Want your friend’s Netflix login? Practice better cybersecurity


Account sharing is not exactly in-line with the terms of service of many streaming services.

For example, Netflix’s terms of service reads, “The Netflix service and any content viewed through the service are for your personal and non-commercial use only and may not be shared with individuals beyond your household. During your Netflix membership we grant you a limited, non-exclusive, non-transferable right to access the Netflix service and view Netflix content. Except for the foregoing, no right, title or interest shall be transferred to you. You agree not to use the service for public performances”.

Does that stop people though? Not really.

But today we’re not talking about these terms of service but rather what gets friends to share streaming service login with other friends.

We have Kaspersky and its “More Connected Than Ever Before: How We Build Our Digital Comfort Zones” report.

There are some interesting findings in that report but today we want to look at one aspect in particular – login sharing.

While it might seem relatively innocent to share your Netflix username and password with a friend, how sure are you that your details are safe with that friend?

Kaspersky found that 46 percent of millenials who participated in the survey share streaming logins with flatmates.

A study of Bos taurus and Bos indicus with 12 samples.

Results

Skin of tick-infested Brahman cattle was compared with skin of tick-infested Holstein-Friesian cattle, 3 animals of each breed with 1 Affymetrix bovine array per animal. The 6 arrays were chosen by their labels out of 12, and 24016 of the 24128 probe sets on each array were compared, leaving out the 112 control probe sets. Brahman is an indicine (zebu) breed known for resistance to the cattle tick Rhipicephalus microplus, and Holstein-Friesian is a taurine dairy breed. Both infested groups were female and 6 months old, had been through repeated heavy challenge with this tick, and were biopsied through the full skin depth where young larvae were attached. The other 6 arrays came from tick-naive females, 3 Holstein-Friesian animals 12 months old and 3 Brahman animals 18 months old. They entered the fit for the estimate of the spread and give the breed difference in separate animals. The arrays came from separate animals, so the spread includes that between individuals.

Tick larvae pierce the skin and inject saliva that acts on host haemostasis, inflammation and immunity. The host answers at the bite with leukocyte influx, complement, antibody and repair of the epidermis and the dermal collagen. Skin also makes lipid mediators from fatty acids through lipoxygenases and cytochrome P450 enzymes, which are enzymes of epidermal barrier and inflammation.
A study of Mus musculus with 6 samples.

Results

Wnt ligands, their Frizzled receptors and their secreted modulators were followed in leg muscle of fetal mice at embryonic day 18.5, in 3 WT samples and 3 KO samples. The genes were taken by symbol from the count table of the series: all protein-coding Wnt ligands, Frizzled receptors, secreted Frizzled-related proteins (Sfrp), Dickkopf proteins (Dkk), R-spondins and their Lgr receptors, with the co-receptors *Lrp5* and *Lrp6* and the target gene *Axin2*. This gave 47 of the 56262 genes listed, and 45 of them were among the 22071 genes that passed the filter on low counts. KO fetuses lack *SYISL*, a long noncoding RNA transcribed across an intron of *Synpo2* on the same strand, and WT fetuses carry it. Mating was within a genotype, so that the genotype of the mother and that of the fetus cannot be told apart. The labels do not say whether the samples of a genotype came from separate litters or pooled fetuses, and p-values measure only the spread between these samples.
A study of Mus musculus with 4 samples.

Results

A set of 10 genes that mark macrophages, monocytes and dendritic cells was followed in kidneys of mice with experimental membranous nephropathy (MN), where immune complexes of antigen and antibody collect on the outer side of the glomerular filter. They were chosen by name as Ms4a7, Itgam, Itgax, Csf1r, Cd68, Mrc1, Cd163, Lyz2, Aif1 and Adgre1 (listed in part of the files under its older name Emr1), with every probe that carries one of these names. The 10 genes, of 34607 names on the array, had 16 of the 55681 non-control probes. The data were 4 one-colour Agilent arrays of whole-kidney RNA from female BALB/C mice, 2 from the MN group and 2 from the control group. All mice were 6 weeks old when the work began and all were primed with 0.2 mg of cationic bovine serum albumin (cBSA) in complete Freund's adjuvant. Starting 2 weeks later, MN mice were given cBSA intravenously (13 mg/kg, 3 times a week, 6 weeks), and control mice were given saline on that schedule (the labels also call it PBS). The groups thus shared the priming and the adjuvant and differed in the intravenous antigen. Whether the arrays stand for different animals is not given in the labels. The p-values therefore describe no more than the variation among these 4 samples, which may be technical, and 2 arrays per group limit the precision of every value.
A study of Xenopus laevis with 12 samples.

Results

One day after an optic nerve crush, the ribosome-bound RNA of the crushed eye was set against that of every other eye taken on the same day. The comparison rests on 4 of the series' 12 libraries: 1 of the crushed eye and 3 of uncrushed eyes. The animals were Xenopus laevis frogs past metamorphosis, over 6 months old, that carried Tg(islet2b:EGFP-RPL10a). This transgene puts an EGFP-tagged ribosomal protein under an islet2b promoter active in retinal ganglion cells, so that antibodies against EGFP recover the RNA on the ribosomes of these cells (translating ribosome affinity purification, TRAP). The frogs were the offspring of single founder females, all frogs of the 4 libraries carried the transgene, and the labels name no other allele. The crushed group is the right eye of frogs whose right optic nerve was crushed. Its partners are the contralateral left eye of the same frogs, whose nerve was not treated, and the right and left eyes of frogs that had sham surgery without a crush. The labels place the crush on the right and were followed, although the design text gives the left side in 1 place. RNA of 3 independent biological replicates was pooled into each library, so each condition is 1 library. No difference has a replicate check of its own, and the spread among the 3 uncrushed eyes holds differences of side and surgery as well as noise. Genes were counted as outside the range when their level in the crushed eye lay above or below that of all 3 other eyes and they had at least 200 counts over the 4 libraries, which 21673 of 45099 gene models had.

But further into the report we find that security is a major concern for young people.

“Due to the fact, they share the internet with their flat mates, a third of millennials (33 percent) worry about the security and safety of their devices. Meanwhile, 36 percent admit to knowing they should be doing more to strengthen their digital privacy, but it has not been prioritised. In fact, when asked if they had ever been hacked, 12 percent of millennials weren’t even sure how they’d know if they had been,” reads Kaspersky’s report.

It goes without saying then that if you want to get hold of your friend’s streaming login you need to practice better cyber hygiene.

That means not clicking on dodgy links on websites and in your email, using security software and even using a password manager.

In short it’s about educating yourself with regards to what cybercriminals are capable of and how clicking a link can compromise your entire computer.

It’s also just a considerate thing to do. Consider for a moment how much information can be gleaned should an attacker compromise your friends streaming account.

With the recent breach of Experian still top of mind, now more than ever it’s important to be aware of the dangers that lurk online. And no, we aren’t talking about Joe Goldberg from You, though that’s terrifying in its own right.

Brendyn Lotz

Brendyn Lotz

Brendyn Lotz writes news, reviews, and opinion pieces for Hypertext. His interests include SMEs, innovation on the African continent, cybersecurity, blockchain, games, geek culture and YouTube.